Greenstein: Trump SNAP Proposal Would Cost Many of Nation’s Poorest Their Food Aid

CBPP today released the following statement from Robert Greenstein, president, on the proposed SNAP rule changes released by the U.S. Department of Agriculture:

The Trump Administration proposed draconian changes today in a key SNAP (food stamp) rule which, if implemented, would cut off basic food assistance for hundreds of thousands of the nation’s poorest and most destitute people. The Administration and House Republican leaders sought, but failed, to secure these changes as part of the farm bill that Congress just passed. The Administration is now proposing to implement, through executive action, what it failed to secure through legislation.

Those affected are SNAP participants ages 18 through 49 who aren’t raising minor children in their homes. The people whom the rule change would affect are among the poorest of the poor, U.S. Department of Agriculture (USDA) data show. Their average income is just 33 percent, or one-third, of the poverty line.

Here’s the background. A longstanding, harsh provision of SNAP law limits these 18-through-49-year-olds to just three months of SNAP benefits (in months that they’re not employed at least 20 hours a week) out of every three years. Participation in a work or training program counts toward fulfilling this requirement, but states aren’t required to provide work or training slots to these individuals — and most states don’t. In addition, pounding the pavement and searching hard for a job does not count toward meeting the requirement. If you can’t find a 20-hour-a-week job, on your own, you’re cut off SNAP anyway.

Because of its extremely harsh nature, this part of the SNAP law also includes a critical provision that lets states seek, and USDA grant, waivers of this three-month cut-off in areas where jobs for these individuals are lacking, such as when unemployment is elevated. From the provision’s enactment in 1996 until now, Democratic and Republican administrations alike have operated under a common set of rules in considering and granting waivers from the three-month cut-off. Now, the Trump Administration is seeking to jettison these longstanding, bipartisan rules — and replace them with an alternative that’s certain to increase hunger and destitution.

The Administration’s proposal would eliminate the most commonly used bases for waivers under the longstanding rules that have guided presidents of both parties. And by ending most waivers, the rule would almost certainly cut off basic food aid to several hundred thousand indigent people. Most of these individuals are ineligible for any form of government cash assistance because they’re not elderly, severely disabled, or raising minor children. For many of them, SNAP is the only assistance they can receive to help make ends meet.

Here’s one way to illustrate the proposed rule’s severity: Let’s say a state or local area had an overall unemployment rate of 6.8 percent. That usually would mean that African-American unemployment — which is generally about twice the white unemployment rate — would very likely be in double digits. And the rate for people of all races who are 25 and over and lack a high school diploma or GED would be around 10 percent. Nevertheless, the federal government would flatly deny a waiver request under the proposed rule. Destitute individuals with little chance of finding a job would be cut adrift.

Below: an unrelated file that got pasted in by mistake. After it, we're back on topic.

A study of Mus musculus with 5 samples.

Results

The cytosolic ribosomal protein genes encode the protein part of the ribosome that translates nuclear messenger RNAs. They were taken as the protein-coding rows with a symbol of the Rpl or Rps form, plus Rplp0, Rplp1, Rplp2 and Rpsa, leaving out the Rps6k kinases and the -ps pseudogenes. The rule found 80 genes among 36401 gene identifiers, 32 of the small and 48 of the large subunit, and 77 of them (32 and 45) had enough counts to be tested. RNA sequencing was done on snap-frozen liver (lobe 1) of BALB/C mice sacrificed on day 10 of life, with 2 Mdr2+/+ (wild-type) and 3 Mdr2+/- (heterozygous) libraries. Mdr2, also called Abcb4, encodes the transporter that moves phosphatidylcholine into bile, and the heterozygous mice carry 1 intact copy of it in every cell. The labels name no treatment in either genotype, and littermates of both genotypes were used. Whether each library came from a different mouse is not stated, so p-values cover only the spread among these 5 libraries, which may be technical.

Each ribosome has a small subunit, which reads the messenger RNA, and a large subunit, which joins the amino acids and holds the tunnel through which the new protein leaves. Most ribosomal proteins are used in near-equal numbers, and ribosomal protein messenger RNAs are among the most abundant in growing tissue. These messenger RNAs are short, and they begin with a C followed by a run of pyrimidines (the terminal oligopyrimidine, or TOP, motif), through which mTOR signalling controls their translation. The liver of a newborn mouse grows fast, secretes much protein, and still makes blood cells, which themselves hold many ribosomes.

The proposal would hit hard at people who are between jobs or whose employers have cut their hours to less than 20 hours a week, which occurs not infrequently in the very-low-wage labor market even when the economy is strong. And it occurs even more frequently when the economy weakens and a possible recession looms — something that a growing number of economists predict for 2020 or 2021.

Those hit the hardest would be those with the greatest difficulties in the labor market, including adults with no more than a high school education — whose unemployment rate is much higher than the overall unemployment rate — and people living in rural areas where jobs are often harder to find.

People of color would be at particular risk, given their much higher unemployment rates and continued racial discrimination in labor markets. As noted, the African-American unemployment rate has long been roughly double the non-Hispanic white unemployment rate. Studies have found that white job applicants are much likelier to receive callbacks after job applications or interviews than equally qualified Black applicants.

The Administration may portray its proposal as a reasonable “work requirement.” But as noted, most states don’t offer these people any job, training opportunity, or slot in a work program, and people who are “playing by the rules” and looking hard for a job are cut off nonetheless.

Moreover, the history of the three-month cut-off shows that some people who should qualify for an exemption from it because they suffer from a significant health condition often don’t get one and lose their SNAP benefits anyway, because they can’t satisfy the paperwork and other bureaucratic hurdles involved in securing an exemption.

In its current form, the three-month cut-off provision is already severe. A study of some years ago found that many people who lost food assistance after three months subsequently couldn’t afford adequate food, faced housing problems, had trouble paying utility bills, or encountered other serious difficulties.

Instead of punishing these unfortunate and often destitute people, the President should seek to assist them with policies such as more and better job training and employment programs, a higher minimum wage, and a strengthened Earned Income Tax Credit. Denying them basic food and nutrition is not the route that a fair and compassionate administration of either party would take.